DNIS News Network – Popular Bollywood actors Abhishek Bachchan and Akshay Kumar have signed on agreements to promote different disability issues.

Abhishek Bachchan will workwith prerna, an NGO working with dyslexic childrenNoted actor Abhishek Bachchan has joined hands with ‘Prerna’ an Ahmedabad-based public trust which is involved in the education of dyslexic children.

Bachchan will spread awareness about dyslexia, a neurological condition of children with high intelligence quotient but having special educational needs. The actor will be part of mass media messages that will aim to promote awareness about dyslexic children. Briefing the media, Bachchan said, “Children with dyslexia have IQs that take them to the zone of genius but their neurological construct combined with unaware educational methods, plunge them to the bottom of the ladder. These children rely on parents, teachers and others to understand their challenge of relating to everything a little differently.” The actor will also participate in outreach programmes for such kids.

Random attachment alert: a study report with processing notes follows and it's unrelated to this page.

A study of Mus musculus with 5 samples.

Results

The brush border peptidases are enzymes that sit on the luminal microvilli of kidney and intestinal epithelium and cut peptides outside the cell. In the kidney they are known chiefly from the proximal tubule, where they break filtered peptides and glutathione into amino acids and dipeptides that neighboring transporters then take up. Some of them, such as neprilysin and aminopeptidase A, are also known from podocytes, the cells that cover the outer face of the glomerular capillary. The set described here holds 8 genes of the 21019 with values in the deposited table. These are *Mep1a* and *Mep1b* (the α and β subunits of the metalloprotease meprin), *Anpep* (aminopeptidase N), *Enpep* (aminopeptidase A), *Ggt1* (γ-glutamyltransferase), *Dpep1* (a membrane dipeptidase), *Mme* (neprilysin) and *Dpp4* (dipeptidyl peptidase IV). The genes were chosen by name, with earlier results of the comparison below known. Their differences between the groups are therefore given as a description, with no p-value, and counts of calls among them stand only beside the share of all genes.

Dyslexia termed as Specific Learning Disability, is a neurological condition due to which children or adults experience difficulties with reading, spelling or writing. It is four times more prevalent among boys than girls. It is estimated that 15 per cent of the world’s school going children are dyslexic. About 30 million children are known to be dyslexic in India.

Meanwhile action star Akshay Kumar has taken on the challenge of promoting Special Olympics. The actor says that his mission is to “bring a smile on the faces of children who are deprived of sunshine.”

Akshay Kumar, action hero, will take on the challenging role of promoting Special OlympicsAkshay had enthusiastically taken up the challenge of the new job, which some of his Bollywood colleagues had reportedly declined. “There are 30 million mentally disabled people in India. Of these 95 percent live their lives in anonymity. Their parents and families treat them as shameful secrets. That's so wrong…they are normal people. We should learn from them, rather than the other way. We take so many things for granted,” added Kumar.

Recalling an inspiring moment, he said, “I remember seeing the 2000 Olympics in Atlanta where eight such special athletes were running for a 100-metre race. When one of them fell down, the other seven-stopped short in their tracks, came and picked him up, and re-started the race again. Such people are more focussed, gentle and humble than us.”